Engineering analysis and design software
Civil and Structural engineering

Case Study

Research work on the Koyna Dam, India.

  • Research work to assist with long term development of a concrete cracking model

Koyna DamThe 103m high mass concrete Koyna Dam is one of the largest dams in western Maharashtra, India. Located in Koyna Nagar, the dam supplies water as well as cheap hydroelectric power to neighbouring areas. It was constructed in 1963 as one of four dams built as part of the Koyna project. It has the largest catchment area of all the dams in the region, forming the Shivajisagar Lake with a length of 50km. In 1967 the dam was subjected to a magnitude 6.5 earthquake. Accelerometers on the site recorded the time histories of the event and a later survey showed that cracking had occurred in parts of the dam. 

Due to the availability of field data the Koyna Dam has been the subject of a number of studies since the seismic event. One, of many studies carried out by the University of Wales in Cardiff, UK, on the dam used LUSAS Civil & Structural to investigate the dam's response to changes in numerical concrete cracking models.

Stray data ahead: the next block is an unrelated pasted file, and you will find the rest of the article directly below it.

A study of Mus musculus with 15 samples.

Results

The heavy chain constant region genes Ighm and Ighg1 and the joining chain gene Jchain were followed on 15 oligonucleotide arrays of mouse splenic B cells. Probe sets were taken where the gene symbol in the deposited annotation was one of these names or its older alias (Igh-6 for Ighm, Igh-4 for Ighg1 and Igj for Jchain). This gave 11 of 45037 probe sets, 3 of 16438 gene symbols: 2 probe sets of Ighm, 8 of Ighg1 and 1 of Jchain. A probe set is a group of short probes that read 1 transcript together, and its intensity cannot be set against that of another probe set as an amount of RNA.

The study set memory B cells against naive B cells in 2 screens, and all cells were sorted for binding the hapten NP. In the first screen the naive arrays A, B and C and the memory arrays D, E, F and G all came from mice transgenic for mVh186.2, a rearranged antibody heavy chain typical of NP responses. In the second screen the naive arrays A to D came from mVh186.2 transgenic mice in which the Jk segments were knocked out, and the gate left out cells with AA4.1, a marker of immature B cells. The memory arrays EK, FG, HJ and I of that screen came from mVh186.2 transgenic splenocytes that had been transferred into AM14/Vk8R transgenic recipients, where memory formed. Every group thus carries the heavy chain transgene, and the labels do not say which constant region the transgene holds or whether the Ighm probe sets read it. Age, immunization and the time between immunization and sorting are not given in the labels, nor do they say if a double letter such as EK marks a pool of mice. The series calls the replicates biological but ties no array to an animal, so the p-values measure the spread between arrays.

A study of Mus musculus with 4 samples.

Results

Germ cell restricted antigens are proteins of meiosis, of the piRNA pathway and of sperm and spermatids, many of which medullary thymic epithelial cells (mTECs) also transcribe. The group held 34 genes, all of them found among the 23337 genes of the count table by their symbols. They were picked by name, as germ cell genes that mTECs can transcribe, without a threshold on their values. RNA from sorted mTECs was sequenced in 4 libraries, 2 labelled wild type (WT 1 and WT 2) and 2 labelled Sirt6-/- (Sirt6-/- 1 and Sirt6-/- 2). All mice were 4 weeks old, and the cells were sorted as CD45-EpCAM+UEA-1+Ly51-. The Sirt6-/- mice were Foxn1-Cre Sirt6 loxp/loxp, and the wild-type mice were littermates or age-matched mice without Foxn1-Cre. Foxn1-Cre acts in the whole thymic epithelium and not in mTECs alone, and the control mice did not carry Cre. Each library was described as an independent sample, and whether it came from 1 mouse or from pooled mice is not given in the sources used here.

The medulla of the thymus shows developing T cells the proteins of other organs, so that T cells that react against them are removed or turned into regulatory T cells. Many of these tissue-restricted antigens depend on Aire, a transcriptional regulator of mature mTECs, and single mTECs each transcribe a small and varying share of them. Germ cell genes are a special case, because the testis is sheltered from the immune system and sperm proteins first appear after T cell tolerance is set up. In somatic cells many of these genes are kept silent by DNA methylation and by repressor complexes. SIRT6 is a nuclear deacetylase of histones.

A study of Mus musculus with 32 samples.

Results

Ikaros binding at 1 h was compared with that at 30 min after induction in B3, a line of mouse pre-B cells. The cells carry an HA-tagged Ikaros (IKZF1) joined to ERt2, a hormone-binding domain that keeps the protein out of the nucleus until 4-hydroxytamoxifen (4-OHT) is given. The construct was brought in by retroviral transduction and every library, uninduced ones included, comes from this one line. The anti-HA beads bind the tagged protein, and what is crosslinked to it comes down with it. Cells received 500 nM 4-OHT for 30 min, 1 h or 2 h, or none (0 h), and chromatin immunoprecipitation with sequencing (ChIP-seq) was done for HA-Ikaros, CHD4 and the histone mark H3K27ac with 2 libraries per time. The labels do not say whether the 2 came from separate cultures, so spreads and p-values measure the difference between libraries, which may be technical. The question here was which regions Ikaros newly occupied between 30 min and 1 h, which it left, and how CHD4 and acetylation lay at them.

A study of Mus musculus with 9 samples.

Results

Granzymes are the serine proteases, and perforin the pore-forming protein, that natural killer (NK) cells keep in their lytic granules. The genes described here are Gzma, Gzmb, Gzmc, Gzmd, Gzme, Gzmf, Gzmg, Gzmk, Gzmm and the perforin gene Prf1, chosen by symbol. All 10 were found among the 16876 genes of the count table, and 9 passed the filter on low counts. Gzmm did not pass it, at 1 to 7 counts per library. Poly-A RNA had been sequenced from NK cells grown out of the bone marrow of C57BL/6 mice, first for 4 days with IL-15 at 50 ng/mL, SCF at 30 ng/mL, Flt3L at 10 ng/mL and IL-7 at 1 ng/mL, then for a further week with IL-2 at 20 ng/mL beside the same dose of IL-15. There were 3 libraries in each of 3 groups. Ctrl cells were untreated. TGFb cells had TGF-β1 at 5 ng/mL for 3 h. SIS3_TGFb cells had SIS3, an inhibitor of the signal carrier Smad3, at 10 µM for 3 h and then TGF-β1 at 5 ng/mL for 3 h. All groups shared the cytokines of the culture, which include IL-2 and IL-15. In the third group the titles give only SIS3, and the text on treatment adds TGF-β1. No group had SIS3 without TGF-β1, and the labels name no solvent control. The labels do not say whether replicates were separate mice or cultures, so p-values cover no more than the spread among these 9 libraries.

Study aims

The aim of the study was to derive a concrete cracking model to allow for dynamic cyclic loadings and produce results that closely matched those of the experimental data. LUSAS was ideal for this because it contains a material model interface which allows users to develop and research constitutive models for their own use.

During a seismic event a variety of factors can affect the predicted response of a dam. Of particular interest is the unloading curve because when cracks open and close it is well established that the crack stress-strain curve does not return to zero but to some finite tensile strain indicating that particles have 'wedged' in the open crack.

Using the derived concrete model, three analyses were undertaken with the same finite element mesh, time step, and material data. The only difference between the analyses being the shape of the softening and unloading curves. Bilinear softening assuming no wedged particles, and exponential softening both with and without wedged particles were investigated. For each analysis, gravity and hydrostatic loads were applied to the structure and a dynamic analysis was run applying the combined vertical and horizontal ground motions.

The concrete model with exponential softening and wedged particles gave the lowest response overall both in terms of response spectra and peak accelerations. For cyclic dynamic applications it appears to be important to incorporate both a realistic softening curve and crack wedging behaviour into a numerical concrete model. Work on this study is continuing to see if other parameters also have a strong influence on dynamic structural response.